Calgarians would soon be prevented from lighting up – and vaping – at city parks and on city-owned pathways if a city committee approves bylaw changes Friday.

Proposed amendments to the City of Calgary’s smoking and vaping bylaw come to the Community Development Committee, and it includes prohibiting smoking and vaping in these city areas.

City administration said engagement was done in 2019. It suggested strong support for banning these activities in city parks and pathways.

“Health experts have indicated that further restrictions will
help to de-normalize smoking and vaping, thereby reducing their prevalence and leading to better health outcomes,” the city report read.

Ward 11 Coun. Kourtney Penner, chair of the committee, said this came about after a March request for a review. They wanted to ensure the city’s bylaw matched provincial rules.

At that time, they were also to explore potential amendments to the bylaw to restrict smoking at vaping at parks and on pathways.

“Our parks and pathways are designed to be healthy spaces,” said Penner.

“They are designed to grow activity and recreation, and so having unhealthy by-products in those places, which can negatively affect bystanders, didn’t align with the strategy that we are trying to promote in the city.”

Penner believes this is a good thing, particularly for curbing youth exposure to these products.

“In particular, one of the things I’m actually really concerned about is the vaping rates amongst teenagers,” Penner said.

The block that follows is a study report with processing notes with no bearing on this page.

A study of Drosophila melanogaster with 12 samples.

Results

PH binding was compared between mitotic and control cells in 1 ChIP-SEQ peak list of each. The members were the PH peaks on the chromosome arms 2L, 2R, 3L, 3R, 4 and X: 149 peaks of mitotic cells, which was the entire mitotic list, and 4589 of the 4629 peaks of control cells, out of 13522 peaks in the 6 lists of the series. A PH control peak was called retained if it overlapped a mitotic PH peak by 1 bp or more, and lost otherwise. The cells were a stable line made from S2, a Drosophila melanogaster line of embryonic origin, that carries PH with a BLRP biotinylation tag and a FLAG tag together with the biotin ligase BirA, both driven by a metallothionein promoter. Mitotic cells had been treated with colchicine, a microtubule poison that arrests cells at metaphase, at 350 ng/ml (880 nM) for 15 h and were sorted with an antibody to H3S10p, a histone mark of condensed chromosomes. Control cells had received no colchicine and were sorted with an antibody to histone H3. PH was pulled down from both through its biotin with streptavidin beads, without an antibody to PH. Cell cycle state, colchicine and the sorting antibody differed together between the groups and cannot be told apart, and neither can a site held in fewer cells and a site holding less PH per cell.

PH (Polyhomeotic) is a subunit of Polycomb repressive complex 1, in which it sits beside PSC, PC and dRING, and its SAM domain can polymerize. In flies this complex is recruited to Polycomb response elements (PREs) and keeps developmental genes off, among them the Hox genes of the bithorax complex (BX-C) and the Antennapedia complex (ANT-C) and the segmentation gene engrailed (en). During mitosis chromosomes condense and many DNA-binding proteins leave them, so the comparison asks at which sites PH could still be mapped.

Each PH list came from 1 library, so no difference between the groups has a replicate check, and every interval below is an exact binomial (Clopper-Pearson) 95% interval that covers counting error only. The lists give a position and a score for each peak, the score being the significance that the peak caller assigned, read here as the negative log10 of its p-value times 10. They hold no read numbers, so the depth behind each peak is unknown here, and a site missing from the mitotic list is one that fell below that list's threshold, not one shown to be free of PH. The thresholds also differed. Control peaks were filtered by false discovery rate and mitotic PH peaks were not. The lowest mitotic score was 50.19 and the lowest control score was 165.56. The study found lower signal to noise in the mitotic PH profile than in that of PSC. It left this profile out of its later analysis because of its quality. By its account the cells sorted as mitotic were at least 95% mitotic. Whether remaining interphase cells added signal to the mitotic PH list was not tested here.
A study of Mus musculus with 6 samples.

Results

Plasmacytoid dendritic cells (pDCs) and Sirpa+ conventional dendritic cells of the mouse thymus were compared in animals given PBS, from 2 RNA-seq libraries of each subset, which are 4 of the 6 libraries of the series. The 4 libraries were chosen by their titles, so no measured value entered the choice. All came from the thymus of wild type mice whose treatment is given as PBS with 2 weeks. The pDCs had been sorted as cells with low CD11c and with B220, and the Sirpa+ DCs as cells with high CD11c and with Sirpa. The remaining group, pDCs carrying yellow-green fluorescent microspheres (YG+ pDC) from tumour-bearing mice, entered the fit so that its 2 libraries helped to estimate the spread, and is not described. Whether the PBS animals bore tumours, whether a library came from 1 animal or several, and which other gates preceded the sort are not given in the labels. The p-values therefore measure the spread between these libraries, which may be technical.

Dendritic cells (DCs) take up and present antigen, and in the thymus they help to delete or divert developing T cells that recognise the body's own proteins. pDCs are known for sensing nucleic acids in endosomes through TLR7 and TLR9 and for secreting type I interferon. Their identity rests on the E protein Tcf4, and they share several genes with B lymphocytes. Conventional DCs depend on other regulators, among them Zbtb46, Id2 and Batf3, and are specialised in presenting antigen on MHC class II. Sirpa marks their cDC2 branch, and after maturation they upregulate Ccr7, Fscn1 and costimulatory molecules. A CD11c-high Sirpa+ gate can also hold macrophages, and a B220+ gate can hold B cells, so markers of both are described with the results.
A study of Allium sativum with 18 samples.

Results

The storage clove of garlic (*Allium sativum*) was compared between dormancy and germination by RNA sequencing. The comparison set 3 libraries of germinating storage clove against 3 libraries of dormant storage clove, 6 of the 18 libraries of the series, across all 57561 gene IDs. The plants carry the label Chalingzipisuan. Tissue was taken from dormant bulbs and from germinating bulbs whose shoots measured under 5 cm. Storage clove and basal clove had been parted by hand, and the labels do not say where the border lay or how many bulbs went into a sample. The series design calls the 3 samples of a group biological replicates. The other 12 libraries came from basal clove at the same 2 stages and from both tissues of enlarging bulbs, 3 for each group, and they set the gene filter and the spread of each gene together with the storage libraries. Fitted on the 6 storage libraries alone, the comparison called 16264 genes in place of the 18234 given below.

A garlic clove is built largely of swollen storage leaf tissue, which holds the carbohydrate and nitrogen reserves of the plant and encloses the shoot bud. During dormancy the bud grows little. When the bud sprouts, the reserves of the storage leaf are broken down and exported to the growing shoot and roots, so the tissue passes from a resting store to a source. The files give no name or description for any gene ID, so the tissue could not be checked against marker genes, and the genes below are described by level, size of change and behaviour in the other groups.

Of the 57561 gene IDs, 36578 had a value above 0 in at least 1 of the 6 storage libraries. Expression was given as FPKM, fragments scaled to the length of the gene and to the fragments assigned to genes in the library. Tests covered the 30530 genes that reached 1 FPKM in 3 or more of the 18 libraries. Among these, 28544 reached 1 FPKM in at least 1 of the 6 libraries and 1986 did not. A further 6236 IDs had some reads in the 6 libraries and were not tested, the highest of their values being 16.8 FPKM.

Complaint basis for enforcement

The bylaw amendments still prescribe rule relaxations for events or festivals.

The amendments also include changes to allow Calgary peace officers to enforce the rules.

Coun. Penner said that peace and bylaw officers often work on a complaint-driven basis. But, the bylaw isn’t being changed with the intent to criminalize people.

“This doesn’t mean that bylaw officers are going to be asked to actively patrol our parks and our pathways for compliance,” she said.

“I think what we also know is that when we create legislation, when we create bylaws, and we create changes, the voluntary compliance is very high.”

If approved, the matter would head to a full meeting of Calgary city council for debate.

Should it be approved there, city admin is recommending an Aug. 1 date for implementation.

The city report said that would give them time to communicate changes to Calgarians.